UK Recruiting

Clay Co. lineman blossoming into 'special' recruit for Kentucky

MANCHESTER — The bright red pickup with a black "Friends of Coal" license plate that reads "Hyde" is one of most recognizable vehicles in Clay County, with 6-foot-21/2, 325-pound Jacob Hyde behind the wheel and flashing a smile as bright as the truck's headlights.

"I've never seen anybody as popular as Jacob," Clay County football coach Evan Napier said. "I've never seen kids gravitate to somebody like they do to him.

"I think every kid in our county knows him or has hung out with him. He's that kind of person."

That was the case even before Hyde committed last winter to play football at the University of Kentucky, so his profile in this mountain community is even higher now.

But Hyde hasn't changed. He's still volunteering at God's Closet (which distributes clothes to the needy), mentoring grade-school kids, working at a part-time job, and trying to fulfill his potential as a football player.

That last task may be the most challenging for a guy his coach describes as "a big teddy bear." But Hyde is intent on finding his grizzly persona as a defensive nose guard/offensive tackle.

"It took me about four years to realize it," he said. "But I finally realized it and I've got things going in the right direction."

Hyde admits he "used to be just fat. When I was a freshman, I could barely do one push-up. That's the God's honest truth."

But once he dedicated himself to the weight room, he started to see a transformation. "Everything just went through the roof. It changed my body tremendously. I love it. You can tell week by week how much your body's changing, how much stronger you're getting."

Hyde is still learning to be consistent on the field by not taking plays off, not relying solely on his superior size.

Napier saw a much-improved Hyde in Clay County's opener against Garrard County a few weeks ago.

"That was probably the best game he's played," the Tigers coach said. "He knew he was going to get double- and triple-teamed, but he was still beating them."

Hyde agreed that he was at high efficiency against Garrard County. "I figured this is my senior year. It's my time to shine, our year to shine."

Hyde, whose dad died when he was 4, credits his mother, Patricia, for instilling the right values in him.

He also has been positively influenced by Clay County assistant Mark Deaton, whom Hyde calls "a father figure to me on and off the field.

"He makes sure I stay out of trouble, keep my grades up in the classroom, and just makes sure I'm taken care of.

"There's only so much a mother can do. Coach Deaton is there when I need him. I've even got him listed as 'Dad' in my cellphone, and I even have my own room at his house if I want to stay there."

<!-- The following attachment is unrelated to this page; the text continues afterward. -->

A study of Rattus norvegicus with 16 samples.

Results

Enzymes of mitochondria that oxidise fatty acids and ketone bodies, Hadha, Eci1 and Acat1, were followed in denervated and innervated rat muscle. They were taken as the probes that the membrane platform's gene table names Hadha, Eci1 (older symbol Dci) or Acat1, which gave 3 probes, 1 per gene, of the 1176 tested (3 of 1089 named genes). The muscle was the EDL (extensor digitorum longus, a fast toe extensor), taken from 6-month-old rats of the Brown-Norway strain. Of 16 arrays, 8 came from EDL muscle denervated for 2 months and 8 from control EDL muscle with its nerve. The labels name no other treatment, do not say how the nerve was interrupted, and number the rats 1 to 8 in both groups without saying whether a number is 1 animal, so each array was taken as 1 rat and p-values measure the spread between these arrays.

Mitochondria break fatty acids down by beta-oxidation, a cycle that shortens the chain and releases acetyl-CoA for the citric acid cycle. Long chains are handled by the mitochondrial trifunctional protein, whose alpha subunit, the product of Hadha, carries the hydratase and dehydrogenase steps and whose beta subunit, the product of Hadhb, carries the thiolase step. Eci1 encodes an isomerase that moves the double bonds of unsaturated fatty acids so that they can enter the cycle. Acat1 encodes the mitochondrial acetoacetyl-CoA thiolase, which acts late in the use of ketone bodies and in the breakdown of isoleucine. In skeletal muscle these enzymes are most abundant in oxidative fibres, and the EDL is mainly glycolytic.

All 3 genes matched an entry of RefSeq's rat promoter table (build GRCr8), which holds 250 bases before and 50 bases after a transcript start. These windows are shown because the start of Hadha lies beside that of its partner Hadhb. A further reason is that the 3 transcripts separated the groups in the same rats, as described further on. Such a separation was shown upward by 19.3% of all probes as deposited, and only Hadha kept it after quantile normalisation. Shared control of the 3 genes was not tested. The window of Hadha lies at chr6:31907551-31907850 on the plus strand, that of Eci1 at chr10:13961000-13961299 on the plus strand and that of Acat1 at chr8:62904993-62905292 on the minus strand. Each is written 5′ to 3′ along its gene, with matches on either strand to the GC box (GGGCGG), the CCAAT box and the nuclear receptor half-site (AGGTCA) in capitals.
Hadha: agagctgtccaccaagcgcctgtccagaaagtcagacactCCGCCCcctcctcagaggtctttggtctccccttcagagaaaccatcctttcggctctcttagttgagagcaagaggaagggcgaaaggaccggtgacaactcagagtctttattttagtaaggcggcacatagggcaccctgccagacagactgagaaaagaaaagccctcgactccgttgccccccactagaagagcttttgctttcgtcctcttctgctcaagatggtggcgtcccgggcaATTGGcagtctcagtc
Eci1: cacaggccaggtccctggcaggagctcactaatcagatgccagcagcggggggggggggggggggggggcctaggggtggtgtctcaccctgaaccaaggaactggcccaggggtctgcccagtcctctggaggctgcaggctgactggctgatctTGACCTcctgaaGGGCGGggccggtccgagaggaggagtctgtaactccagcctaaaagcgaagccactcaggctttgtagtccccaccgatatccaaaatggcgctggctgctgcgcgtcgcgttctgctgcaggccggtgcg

Deaton first took notice of Hyde when he was an eighth-grader. The big kid was playing middle school basketball, but he was already working out diligently in the high school weight room.

After Deaton took him to a UK basketball game, the coach and player struck up a father-and-son relationship that is now family-strong.

"It'll be a Saturday night, and I'll be at home in one recliner, and this 17-year-old kid will be in the other recliner," Deaton said. "I'll tell him, 'Jacob, don't you want to go to the movies with your buddies?' And he'll say, 'I'd rather be here.' I love him to death.'"

Deaton took Hyde to summer camps and combines so colleges would notice this huge player's huge upside.

Before his junior season, Hyde attended UK's camp, and was so impressive that Joker Phillips offered him a scholarship. Hyde didn't make an immediate decision, however, because he wasn't sure he could play at that level.

"I was afraid I might be getting in over my head," he said. "But after I thought about it a lot and made sure it was the place I wanted to go, I decided to commit."

That was last March.

Hyde's self-confidence got a boost this summer when he was selected and played for Team USA in all-star games in Texas. He's been invited back to play for Team USA again in February.

Deaton has no doubt that Hyde can blossom at UK.

"Jacob is just now starting to click, to realize what he can do," Deaton said.

"He's starting to see it, starting to get it, starting to realize how to use his strength and use technique.

"Once he gets to (UK) with (strength coach) Rock Oliver and (defensive line coach) David Turner, I think he'll be something very special."

Hyde won't get to UK until next summer, so before he becomes a big man on campus, he'll continue to be a big man in Clay County.

"I love kids," he said. "We live in a small town, and they need somebody to look up to. I love being a role model."

That's how Jacob Hyde rolls, in and out of his pickup truck.